Scott Barrett on his way to a crucial try for New Zealand ©Getty Images

The Rugby World Cup in Japan enjoyed three outstanding matches on day two, rounded off by a bruising Pool B 23-13 victory for tournament favourites New Zealand over South Africa.

While Ireland are ranked number one in the world, the All Blacks are still considered the team to beat, with South Africa also predicted to make the last four. 

The two big guns didn't disappoint at International Stadium Yokahama, with South Africa starting the stronger, keeping the All Blacks penned in their own half for most of the opening quarter. 

Handré Pollard kicked South Africa into an early 3-0 lead, before the turning point on 20 minutes.

The flyhalf had another straightforward penalty attempt just to the right of the posts, but somehow struck the upright. 

South Africa were hugely competitive but will rue missed opportunities ©Getty Images
South Africa were hugely competitive but will rue missed opportunities ©Getty Images

Within eight minutes of that crucial miss, a Richie Mo'Unga penalty and two counter-attacking tries gave New Zealand control. 

First up with a five-pointer was George Bridge, following an outstanding break by Sevu Reece. 

Just three minutes later, a mazy midfield break by Anton Lienert-Brown set Scott Barrett free to cross the tryline and push New Zealand to a 17-3 halftime advantage.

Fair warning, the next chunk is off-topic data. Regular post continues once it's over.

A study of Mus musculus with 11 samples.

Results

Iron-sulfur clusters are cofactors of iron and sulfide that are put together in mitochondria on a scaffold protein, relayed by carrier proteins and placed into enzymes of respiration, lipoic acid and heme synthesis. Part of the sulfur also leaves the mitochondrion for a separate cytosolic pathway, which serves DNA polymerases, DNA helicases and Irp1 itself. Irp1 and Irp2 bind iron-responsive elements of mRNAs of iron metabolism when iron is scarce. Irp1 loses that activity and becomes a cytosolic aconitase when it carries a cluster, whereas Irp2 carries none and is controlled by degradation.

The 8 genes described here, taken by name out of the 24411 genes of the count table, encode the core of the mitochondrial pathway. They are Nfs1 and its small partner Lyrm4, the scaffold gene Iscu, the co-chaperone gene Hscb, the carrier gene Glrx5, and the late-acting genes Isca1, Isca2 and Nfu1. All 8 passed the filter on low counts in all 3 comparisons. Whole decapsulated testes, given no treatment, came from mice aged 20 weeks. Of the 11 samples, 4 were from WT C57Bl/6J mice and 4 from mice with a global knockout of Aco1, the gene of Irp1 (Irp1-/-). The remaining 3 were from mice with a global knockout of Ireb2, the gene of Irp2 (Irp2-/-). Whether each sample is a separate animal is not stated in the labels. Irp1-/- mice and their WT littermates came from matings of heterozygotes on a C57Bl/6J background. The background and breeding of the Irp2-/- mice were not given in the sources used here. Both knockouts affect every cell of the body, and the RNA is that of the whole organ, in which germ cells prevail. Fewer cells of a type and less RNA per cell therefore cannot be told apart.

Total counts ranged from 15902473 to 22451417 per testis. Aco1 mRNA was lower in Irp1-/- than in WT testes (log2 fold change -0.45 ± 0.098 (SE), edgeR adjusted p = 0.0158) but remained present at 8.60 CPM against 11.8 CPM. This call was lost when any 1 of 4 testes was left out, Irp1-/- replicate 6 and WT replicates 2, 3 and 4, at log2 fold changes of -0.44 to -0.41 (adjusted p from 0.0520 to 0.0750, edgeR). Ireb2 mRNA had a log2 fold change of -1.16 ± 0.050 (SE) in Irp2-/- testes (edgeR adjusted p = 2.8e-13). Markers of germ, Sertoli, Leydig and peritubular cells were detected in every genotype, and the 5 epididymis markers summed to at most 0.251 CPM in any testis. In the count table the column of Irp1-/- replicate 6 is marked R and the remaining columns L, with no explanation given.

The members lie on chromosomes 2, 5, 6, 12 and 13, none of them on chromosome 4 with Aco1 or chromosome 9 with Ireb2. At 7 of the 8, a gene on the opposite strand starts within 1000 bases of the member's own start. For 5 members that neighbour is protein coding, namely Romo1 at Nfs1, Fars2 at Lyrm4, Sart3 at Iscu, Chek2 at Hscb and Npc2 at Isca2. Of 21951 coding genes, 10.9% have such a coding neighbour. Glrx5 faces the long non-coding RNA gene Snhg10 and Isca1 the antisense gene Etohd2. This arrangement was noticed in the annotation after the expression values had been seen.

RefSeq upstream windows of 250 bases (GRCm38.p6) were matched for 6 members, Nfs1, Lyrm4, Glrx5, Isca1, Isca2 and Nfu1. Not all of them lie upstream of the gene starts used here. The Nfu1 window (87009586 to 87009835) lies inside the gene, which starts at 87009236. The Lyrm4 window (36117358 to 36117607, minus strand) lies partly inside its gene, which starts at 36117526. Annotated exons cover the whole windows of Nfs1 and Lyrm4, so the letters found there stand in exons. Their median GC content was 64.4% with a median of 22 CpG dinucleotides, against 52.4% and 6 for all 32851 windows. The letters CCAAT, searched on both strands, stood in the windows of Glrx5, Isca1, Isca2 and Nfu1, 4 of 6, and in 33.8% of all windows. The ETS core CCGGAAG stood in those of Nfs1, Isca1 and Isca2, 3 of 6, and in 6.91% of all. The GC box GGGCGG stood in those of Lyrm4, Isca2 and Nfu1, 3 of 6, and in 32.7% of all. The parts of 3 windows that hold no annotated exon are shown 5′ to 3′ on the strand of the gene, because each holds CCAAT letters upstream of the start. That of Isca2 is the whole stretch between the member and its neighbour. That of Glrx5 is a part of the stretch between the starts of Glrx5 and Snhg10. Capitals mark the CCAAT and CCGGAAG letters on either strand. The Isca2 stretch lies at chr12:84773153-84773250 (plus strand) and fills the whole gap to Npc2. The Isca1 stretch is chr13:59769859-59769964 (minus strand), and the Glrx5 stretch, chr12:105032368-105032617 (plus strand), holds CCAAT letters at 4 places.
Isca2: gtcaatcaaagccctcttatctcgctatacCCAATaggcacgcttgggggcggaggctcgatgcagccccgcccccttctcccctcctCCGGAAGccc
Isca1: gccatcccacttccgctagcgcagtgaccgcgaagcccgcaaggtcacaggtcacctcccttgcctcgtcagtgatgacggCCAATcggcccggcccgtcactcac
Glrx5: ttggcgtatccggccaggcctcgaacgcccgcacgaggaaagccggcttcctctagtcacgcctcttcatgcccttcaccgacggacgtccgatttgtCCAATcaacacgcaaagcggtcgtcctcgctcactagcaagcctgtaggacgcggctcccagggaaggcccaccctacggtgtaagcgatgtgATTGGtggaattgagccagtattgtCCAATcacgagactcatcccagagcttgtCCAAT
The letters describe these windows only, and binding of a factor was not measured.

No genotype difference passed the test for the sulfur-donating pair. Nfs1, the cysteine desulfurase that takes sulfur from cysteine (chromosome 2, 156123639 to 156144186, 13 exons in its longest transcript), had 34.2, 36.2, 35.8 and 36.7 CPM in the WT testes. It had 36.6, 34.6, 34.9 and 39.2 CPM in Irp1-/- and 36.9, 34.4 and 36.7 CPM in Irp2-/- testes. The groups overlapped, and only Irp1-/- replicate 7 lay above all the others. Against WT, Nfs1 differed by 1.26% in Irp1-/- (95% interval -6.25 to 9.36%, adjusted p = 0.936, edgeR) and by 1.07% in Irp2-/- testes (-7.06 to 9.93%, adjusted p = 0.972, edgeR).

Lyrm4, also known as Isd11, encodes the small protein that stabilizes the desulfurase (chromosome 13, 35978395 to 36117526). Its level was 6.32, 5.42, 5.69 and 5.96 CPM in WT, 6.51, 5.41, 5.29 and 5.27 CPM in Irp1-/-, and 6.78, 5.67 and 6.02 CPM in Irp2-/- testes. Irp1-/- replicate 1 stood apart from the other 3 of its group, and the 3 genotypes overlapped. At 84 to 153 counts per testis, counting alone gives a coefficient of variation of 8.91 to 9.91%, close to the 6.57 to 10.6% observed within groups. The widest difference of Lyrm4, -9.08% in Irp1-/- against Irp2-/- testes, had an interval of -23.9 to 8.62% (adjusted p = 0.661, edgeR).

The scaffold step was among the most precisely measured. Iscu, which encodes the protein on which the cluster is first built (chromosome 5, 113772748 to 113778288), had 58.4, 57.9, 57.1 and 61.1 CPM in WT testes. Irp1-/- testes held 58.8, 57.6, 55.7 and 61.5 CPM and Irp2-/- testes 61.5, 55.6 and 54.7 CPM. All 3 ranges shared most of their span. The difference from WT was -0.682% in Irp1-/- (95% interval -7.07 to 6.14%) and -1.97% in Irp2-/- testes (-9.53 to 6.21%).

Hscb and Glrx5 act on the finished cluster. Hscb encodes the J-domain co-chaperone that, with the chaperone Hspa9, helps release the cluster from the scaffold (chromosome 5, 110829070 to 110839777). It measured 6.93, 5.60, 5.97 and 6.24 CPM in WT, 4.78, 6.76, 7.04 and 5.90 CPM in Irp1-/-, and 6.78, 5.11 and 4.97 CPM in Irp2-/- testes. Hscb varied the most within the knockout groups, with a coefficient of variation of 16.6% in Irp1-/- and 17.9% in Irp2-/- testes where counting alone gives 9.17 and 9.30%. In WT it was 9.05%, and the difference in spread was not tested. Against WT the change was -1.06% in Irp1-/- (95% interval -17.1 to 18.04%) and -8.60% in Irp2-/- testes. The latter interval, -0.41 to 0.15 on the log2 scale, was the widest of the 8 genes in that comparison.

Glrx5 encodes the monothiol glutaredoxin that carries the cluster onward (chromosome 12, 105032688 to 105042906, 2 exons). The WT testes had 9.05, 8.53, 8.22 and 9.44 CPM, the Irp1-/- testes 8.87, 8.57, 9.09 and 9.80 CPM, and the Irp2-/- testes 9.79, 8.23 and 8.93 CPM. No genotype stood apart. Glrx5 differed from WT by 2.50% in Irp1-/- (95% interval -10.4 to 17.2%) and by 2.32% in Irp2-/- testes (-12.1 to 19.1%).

The second half followed a similar pattern to the first, with South Africa applying early pressure. 

When Pieter-Steph du Toit produced a try from a sneaky break at the side of the ruck, there was seven points in it and a live game once more. 

Pollard's drop goal reduced the deficit to 17-13, but two late penalties saw the All Blacks home as they managed the last few minutes relatively comfortably. 

South Africa play Namibia next Saturday (September 28), while the All Blacks have to wait 11 days until they face Canada.

The first game of the day almost saw a huge upset, with Australia struggling to overcome Fiji in the first match of Pool D before eventually running out 39-21 winners.

With Wales also in the pool, Australia knew this was a must-win game in Sapporo, but got off to the worst possible start, 8-0 down after a Fijji penalty from Ben Volavola and a glorious try from Pecili Yato.

Michael Hooper's try was a welcome breakthrough for Australia, as was Reece Hodge's five-pointer, but after penalties were exchanged, Fiji went into the break 14-12 ahead. 

Fiji just couldn't hang on to Australia, despite leading for an hour ©Getty Images
Fiji just couldn't hang on to Australia, despite leading for an hour ©Getty Images

When Waisea Nayacalevu scored under the posts for Fiji early in the second half, a shock looked increasingly on the cards. 

The Australians were behind for an hour of the contest, before their superior fitness and skills eventually took hold. 

Hooker Silatolu Latu was an unlikely hero, popping for two quick tries for the Wallabies, while late scores from Samu Kerevi and Marika Koroibete sealed the victory.

However, Australia will know they will need to improve for the mouth-watering clash with Wales next Sunday (September 29).

The other game was in Pool C and turned out to be a thriller. 

France and Argentina was always a difficult result to predict, and even going into the last minute, both sides were in with a shout of the win. 

It had all seemed so simple for France, going into the halftime break with a 20-3 lead, mainly thanks to tries from centre Gaël Fickou and Antoine Dupont. 

But Argentina launched a sterling rearguard effort and a couple of tries brought them within two points at 18-20.

Then, in the final minute, Emiliano Boffelli had a penalty chance to give Argentina that victory – but his kick faded left and France escaped with the two points.